The original Dissidia: Final Fantasy is arguably the closest thing to the perfect fanservice game, given that not many series boast such a large amount of entries with different casts of characters. While the service was great though, the actual gameplay mechanics were far from refined, and what could have also been a top-notch game didn’t quite reach its full potential. Enter Dissidia Duodecim, a sequel of sorts which expands upon the game’s core elements and fixes some of the issues most prevalent with its precursor, though it also introduces some new issues that might put people off.
As with any expansion to a fighting game series, Duodecim has the standard fare of new characters, new stages, new gameplay mechanics, and in some rare cases, new story. Among these new mechanics comes the ability to assign an assist character, turning battles into a pseudo-tag-team affair where you can call upon your partner for offense or defense. In addition, party battles (which are fought in a tournament or a round-robin style) and world map have been added, further exploring the series’ RPG roots. The barebones “dungeons” from DFF have been reworked into gateways you enter while wandering around the world map, which no longer force any restrictions on you and can be tackled at your own pace. Do you want to beat the minimum amount of enemies and move on, or maximize EXP, items, money and points by chaining every enemy? Both options are available to cater to different mindsets.
The story mode for Duodecim takes place before the first game’s, highlighting the events that set the groundwork for Dissidia’s final battle. In a nice surprise, Square Enix actually re-did the story mode from the first game with Duodecim’s new mechanics and gameplay features, making it easy to see how the stories intersect and improving the previous game’s lackluster dungeons. On the downside, the new world map feels barren at times, as there’s nothing to do in it besides enter gateways and fight off random generic enemies. There’s hardly any exploration either, as most character stories involve going in a straight line on the world map until you hit the next gateway. It’s a nice touch and a step above the restrictive dungeon design in DFF, but it’s something that still needs work done to make it interesting.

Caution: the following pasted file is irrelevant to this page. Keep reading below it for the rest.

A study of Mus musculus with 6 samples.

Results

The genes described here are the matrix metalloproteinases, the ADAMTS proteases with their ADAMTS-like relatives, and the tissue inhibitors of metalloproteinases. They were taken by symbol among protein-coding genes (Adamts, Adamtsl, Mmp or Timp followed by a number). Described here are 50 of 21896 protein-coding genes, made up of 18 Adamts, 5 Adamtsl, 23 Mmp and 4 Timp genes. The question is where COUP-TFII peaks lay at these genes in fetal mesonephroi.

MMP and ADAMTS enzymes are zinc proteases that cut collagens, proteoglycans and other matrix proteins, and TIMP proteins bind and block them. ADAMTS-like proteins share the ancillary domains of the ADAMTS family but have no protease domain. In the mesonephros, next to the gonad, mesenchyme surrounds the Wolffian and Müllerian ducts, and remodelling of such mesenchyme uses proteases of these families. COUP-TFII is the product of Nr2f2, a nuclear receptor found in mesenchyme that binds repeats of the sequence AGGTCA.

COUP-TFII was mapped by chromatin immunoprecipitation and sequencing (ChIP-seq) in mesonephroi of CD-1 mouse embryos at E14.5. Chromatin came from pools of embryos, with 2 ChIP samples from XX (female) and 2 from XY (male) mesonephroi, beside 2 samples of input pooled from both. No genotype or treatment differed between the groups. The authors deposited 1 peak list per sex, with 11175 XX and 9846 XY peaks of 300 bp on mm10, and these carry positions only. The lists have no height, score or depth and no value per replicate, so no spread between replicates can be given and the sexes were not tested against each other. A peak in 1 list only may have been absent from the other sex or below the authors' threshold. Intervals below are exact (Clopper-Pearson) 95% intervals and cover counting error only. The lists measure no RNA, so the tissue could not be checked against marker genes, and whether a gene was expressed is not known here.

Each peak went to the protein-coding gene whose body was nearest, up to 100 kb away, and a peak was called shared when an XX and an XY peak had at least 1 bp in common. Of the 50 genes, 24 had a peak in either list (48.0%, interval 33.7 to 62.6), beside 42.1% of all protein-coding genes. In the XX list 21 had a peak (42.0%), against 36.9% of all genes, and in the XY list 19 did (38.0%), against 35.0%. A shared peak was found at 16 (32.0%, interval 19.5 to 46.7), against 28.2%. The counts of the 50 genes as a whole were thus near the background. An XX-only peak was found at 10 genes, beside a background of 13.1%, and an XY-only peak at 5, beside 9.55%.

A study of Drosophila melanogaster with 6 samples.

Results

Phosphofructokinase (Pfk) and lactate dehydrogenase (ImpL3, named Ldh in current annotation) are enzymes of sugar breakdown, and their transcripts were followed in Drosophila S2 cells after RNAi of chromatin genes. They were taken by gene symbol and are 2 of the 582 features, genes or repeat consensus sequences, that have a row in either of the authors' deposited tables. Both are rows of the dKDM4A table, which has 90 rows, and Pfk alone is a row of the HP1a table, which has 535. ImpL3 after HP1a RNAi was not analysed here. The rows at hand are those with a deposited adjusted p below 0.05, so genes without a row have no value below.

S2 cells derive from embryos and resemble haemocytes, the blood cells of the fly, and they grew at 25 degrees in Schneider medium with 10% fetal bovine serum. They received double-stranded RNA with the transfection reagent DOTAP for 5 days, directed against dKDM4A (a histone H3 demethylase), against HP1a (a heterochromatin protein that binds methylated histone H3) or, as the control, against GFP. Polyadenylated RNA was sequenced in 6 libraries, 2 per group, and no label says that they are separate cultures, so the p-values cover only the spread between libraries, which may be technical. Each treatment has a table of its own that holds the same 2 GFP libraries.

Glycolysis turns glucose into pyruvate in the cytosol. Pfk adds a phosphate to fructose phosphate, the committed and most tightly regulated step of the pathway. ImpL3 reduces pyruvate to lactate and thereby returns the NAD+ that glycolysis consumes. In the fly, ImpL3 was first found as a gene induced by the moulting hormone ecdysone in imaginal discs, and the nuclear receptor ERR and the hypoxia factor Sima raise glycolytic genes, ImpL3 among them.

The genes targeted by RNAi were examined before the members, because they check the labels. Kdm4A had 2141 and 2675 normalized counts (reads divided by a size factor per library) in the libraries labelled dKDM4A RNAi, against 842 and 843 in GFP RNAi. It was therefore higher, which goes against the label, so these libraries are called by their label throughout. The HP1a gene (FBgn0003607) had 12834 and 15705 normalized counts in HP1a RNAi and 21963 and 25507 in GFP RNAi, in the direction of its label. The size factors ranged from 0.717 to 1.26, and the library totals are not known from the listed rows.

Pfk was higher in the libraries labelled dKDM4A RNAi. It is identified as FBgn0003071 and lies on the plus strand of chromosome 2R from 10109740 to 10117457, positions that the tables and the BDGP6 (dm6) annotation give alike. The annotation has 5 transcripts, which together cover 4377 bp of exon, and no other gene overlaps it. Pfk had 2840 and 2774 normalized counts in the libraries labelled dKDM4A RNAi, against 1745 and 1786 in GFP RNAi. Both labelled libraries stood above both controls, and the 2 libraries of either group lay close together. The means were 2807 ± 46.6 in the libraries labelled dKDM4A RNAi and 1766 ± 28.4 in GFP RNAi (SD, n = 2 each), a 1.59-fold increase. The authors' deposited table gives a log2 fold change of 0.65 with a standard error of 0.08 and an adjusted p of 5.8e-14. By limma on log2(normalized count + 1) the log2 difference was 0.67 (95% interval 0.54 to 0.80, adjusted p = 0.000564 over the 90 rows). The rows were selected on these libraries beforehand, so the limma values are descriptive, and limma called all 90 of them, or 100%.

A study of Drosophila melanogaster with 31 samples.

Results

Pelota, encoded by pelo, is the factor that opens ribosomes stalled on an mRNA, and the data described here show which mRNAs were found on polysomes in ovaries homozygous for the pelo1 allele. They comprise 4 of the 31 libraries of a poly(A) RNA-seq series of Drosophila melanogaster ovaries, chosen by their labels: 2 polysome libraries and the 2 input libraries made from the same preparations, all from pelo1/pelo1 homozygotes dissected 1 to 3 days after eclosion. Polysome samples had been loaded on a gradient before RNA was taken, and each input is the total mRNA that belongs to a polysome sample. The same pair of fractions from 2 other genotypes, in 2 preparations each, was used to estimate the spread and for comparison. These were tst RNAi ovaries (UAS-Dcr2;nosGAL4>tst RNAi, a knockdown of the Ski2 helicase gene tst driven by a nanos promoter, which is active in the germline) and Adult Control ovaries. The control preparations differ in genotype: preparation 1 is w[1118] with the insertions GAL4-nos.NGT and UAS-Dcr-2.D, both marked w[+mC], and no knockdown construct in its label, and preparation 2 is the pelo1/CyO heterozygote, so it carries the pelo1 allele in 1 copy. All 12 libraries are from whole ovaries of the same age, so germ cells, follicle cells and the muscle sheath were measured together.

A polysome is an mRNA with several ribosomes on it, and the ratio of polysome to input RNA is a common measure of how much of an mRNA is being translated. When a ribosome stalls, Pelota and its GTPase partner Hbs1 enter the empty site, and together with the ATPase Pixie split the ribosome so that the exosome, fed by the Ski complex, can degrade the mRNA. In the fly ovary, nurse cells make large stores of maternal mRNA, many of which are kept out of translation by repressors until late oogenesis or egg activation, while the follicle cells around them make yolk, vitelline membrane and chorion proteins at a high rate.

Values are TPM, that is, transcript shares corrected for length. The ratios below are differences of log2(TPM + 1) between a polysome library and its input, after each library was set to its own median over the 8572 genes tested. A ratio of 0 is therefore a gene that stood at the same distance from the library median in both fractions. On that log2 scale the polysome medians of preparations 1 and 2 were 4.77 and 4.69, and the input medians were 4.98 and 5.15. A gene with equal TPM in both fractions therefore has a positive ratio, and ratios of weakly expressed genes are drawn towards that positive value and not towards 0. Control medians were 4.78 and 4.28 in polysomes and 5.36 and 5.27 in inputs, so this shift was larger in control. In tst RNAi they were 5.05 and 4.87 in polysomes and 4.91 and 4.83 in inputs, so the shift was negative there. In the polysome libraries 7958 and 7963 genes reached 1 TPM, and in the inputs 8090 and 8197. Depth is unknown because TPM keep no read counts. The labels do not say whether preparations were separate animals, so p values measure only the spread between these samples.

There were key issues with the game’s main feature, fighting, that kept DFF from reaching its potential. While the game never punished players for engaging in aerial combat, it did nothing to encourage players to stick to the ground either. Since there were only 2 or 3 characters that excelled at ground combat, fights in DFF would devolve to permanently dodging in the air, dashing and just plain never touching the ground during the whole match. This has been reworked in Duodecim, as characters fall much faster, jumps aren’t refreshed after performing an air dodge, and most moves have been re-worked to discourage sticking to the air 100% of the time. The new characters nicely fill in the niche of play styles that hadn’t been implemented, such as the firearm antics of Laguna, summoning creatures ala Yuna or up-close brawling like Tifa and Prishe. All in all, the base gameplay has received enough fine-tuning to make it much more enjoyable, whether you just plan on beating up AI or duking it out locally with friends.
The presentation for Duodecim is also a step above its precursor’s, though given how harshly DFF was judged when it came to this, anything can only be an improvement. Characters are much more animated during cut scenes, the game’s lighting effects are much better done (given how every character in the first game looked like they were covered in a shiny aura), and the track list has at least doubled in size from DFF. Nearly every character has a song for wandering through the world map and exploring the gateways, all composed of either well-done remixes of classic tunes or straight rips of the originals. Add to this the extra alternate costumes for every character, all based on either original artwork or alternate clothing from each character’s game of origin, and you’ve got a game that further delivers on what was already one of best fanservice games created.
Dissidia Duodecim is not for the casual fighting game player. This is a game custom-tailored for the long-time fans of the series, those who already know who the entire cast is and their motivations for why they fight. It’s not a perfect fighting game, but you can tell that it has received a lot of polish and care from its developers. For $30, its well worth quite a few hours of entertainment, though without being knowledgeable with the source material, it’s easy to become tangled in the complex web of character relationships and struggles.